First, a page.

One year ago, we stood on stage to announce, alongside Canada’s Minister for International Development and Women and Gender Equality, Maryam Monsef, that the Equality Fund would receive $300 million CAD to build the world’s largest feminist institution. That was a remarkable day. It marked the largest single investment in gender equality by a government, but it was more than just the number (though the number is indeed significant). It was an endorsement of a new model to get more money into the hands of women, girls, and non-binary people around the globe.
The announcement was the culmination of months of incredibly hard work and relationship building between a diverse group of partners. These extraordinary women shared the stage with us, each representing a different organization. We put our trust in each other and in betting on a big idea. The Equality Fund was nothing short of a radical ambition. To pursue that ambition, we needed amazing partners, trusting relationships, willingness to work hard, and quite frankly, incredible stamina.
In the twelve months that have passed since that milestone, we have been tested, pushed, challenged, and celebrated. But most importantly, we have learned a great deal as we build the Equality Fund. We have the privilege of standing up one of the world’s largest feminist institutions and now the challenge of doing it amidst a global pandemic.
It is the first time for everything. We are building something no one has ever built before. We have no blueprint to guide us. We negotiated one of the largest-ever contribution agreements with Global Affairs Canada in record time on behalf of a model no one had seen—let alone funded before. New for everyone, we used co-creation and collaboration to speed us up rather than slow us down.
Building a feminist institution is hard—and so fun. Shifting power is critical. It is also messy. The Equality Fund brings under one (virtual) roof leaders and dreamers who have the same north star but varying ideas of how to reach it. What works in Ghana may not work in Guatemala. What makes sense in the world of finance can fall flat for long-time feminist activists. But figuring these things out together is what makes our work so engaging.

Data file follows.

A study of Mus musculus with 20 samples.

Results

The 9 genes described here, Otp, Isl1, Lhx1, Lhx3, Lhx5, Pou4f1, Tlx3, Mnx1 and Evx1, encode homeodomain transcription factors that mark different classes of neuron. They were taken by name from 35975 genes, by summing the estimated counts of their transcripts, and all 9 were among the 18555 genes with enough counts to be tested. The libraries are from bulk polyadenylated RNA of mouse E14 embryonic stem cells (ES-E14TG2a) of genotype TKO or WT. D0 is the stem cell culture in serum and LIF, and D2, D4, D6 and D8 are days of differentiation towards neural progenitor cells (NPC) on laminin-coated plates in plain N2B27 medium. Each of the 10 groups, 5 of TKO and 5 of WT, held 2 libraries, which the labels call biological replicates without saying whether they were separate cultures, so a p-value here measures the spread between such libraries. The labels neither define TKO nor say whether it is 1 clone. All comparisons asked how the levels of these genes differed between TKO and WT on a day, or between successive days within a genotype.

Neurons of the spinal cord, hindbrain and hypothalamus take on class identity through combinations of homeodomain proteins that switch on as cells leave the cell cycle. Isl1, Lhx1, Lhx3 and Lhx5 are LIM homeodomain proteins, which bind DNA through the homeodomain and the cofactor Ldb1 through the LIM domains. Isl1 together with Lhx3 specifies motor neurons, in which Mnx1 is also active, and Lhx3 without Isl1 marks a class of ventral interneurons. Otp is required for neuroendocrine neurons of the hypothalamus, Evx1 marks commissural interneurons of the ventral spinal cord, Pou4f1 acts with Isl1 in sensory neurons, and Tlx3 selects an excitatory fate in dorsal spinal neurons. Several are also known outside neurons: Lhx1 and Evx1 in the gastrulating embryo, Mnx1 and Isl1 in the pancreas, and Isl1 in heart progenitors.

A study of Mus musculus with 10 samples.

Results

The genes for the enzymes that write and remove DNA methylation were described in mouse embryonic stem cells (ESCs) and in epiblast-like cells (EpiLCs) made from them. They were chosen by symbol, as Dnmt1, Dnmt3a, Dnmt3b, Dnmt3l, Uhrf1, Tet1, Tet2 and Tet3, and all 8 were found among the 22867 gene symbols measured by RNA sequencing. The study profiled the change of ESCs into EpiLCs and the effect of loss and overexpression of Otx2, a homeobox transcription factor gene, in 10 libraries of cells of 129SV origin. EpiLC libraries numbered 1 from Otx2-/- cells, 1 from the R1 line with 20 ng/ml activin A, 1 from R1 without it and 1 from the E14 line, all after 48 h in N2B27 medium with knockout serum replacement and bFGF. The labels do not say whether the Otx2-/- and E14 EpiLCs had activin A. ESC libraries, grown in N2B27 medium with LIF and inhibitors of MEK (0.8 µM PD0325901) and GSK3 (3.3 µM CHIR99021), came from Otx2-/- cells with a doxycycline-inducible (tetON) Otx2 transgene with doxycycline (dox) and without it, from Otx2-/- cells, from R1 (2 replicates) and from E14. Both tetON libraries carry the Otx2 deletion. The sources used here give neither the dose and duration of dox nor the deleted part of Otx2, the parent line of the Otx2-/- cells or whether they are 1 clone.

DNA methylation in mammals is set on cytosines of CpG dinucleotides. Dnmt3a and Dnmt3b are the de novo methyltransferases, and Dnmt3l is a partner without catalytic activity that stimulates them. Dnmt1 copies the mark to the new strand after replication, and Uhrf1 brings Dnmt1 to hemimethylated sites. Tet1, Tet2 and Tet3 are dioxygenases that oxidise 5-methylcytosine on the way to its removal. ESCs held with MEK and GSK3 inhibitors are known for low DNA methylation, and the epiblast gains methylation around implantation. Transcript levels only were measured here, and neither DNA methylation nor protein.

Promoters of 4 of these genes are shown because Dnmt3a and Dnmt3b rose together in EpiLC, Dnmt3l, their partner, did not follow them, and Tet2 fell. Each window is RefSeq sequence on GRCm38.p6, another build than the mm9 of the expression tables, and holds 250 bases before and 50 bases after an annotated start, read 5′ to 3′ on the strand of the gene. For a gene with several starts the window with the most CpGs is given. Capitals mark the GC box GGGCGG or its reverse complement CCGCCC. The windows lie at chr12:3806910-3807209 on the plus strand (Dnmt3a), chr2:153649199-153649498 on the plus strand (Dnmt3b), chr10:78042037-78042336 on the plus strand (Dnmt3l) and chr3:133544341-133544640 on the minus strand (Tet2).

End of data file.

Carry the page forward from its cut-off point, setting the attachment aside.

People are everything. The Equality Fund has quickly built a team of philanthropy, investment, grantmaking and advocacy experts whose focus is getting funding where it needs to go for the greatest impact. Assembling a staff and board of brilliant feminists and building an organizational culture without the benefit of face-to-face interaction has been our biggest challenge in these months.
Designing and building is a process. Working with our grantee partners, donor partners, and global network of feminist activists, we are co-designing feminist funding and accountability structures. As the feminist trailblazers on whose shoulders we stand have always known, there is no roadmap for equality. So we are building one as we go. Our consultation process in partnership with Association for Women’s Rights in Development (AWID) is an example of how we are asking hard questions, listening to the answers, and challenging our own assumptions.
Trust is key. We have quickly learned that everything we do to build the Equality Fund must be rooted in trust—from our relationships with our grantee partners and donor partners to our day-to-day relationships with each other. This has become more important during the pandemic when we are dispersed and working independently. If trust erodes, we back up and try again.
Pivoting our work to respond to COVID-19. Since March, we have already begun to change our plans. We have built new strategies to engage with our partners, engage donors and investors, and build team cohesion and culture as we are coping with a world in flux and chaos. Shifting the way we work has also meant recognizing our own limits and remembering that our holistic health and well-being is central to our success.
The work of building this innovation is not for the faint of heart. It is tiring. We dig deep to find our own resilience and determination because the Equality Fund is needed now more than ever. It hurts to see our team push themselves so hard especially with the additional stresses of the pandemic and the other ways the inequalities of the world are laid bare in this moment.
As we stand with those protesting and articulating the pain of Black people now and throughout history, we pledge to hold anti-racism as a central tenet of our feminist values. Racial justice is a feminist issue. We cannot achieve gender equality without racial equality.
In this moment, shaped by COVID-19 and the worldwide demonstrations against anti-Black racism and the backlash, we are more committed than ever to our radical ambitions. Staying centred on the work of the women’s organizations and feminist movements we are supporting is vital. They are suffering more, pivoting innovatively, and inspiring us to double down.
Given what has happened for the Equality Fund and the world in the last 12 months it is hard to imagine what the next year holds. We hope that the world seizes this moment to break free from traditional ways of working that have never served women. We are brave. We are terrified. We keep going.